Canned Fruit & Vegetable Processing in the US
Growth in the Canned Fruit and Vegetable Processing industry has been constrained over the five years to 2016, primarily because recent shifts in consumer preferences have reduced demand for many of the industry's core products. Due to consumer perceptions about the relative nutrition of these products and increased attention to healthy eating, more Americans have favored fresh and organic foods, dampening industry demand. However, rising fruit and vegetable prices have convinced more cost-conscious consumers to pursue lower-cost canned produce, while also raising costs and dampening profit for industry operators that must maintain low prices to stay competitive. Over the five years to 2021, changing consumer attitudes toward food are expected to continue limiting this industry's prospects. However, product changes initiated in recent years will slow consumers' migration from processed fruits and vegetables, enabling the industry to achieve modest revenue growth.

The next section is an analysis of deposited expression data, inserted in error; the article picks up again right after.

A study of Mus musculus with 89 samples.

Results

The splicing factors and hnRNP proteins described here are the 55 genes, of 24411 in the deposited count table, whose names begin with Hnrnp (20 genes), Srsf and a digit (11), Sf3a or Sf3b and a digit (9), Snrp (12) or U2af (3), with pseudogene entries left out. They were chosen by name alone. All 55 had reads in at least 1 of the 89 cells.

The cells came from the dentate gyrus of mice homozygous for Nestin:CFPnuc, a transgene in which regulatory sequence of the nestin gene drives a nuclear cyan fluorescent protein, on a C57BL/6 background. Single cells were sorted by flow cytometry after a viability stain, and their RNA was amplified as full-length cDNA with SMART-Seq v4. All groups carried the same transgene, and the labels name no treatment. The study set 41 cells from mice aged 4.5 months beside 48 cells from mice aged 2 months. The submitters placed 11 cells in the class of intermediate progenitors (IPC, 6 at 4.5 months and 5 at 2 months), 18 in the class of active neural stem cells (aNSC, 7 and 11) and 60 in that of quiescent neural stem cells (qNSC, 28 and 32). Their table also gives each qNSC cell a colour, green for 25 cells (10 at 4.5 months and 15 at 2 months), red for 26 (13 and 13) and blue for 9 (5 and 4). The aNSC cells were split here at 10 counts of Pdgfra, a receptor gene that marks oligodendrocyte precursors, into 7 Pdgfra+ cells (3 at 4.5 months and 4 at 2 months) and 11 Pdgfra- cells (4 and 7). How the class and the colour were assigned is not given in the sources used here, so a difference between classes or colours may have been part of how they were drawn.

Operators in this industry purchase fruits and vegetables and process them with other ingredients to create a variety of food products including canned juices, canned soups (except seafood), jams, baby food, sauces and dehydrated fruits and vegetables. The final products are then packaged and sold to consumers at various retail channels. This industry does not include frozen fruits and vegetables, which are discussed in IBISWorld report 31141.
This report covers the scope, size, disposition and growth of the industry including the key sensitivities and success factors. Also included are five year industry forecasts, growth rates and an analysis of the industry key players and their market shares.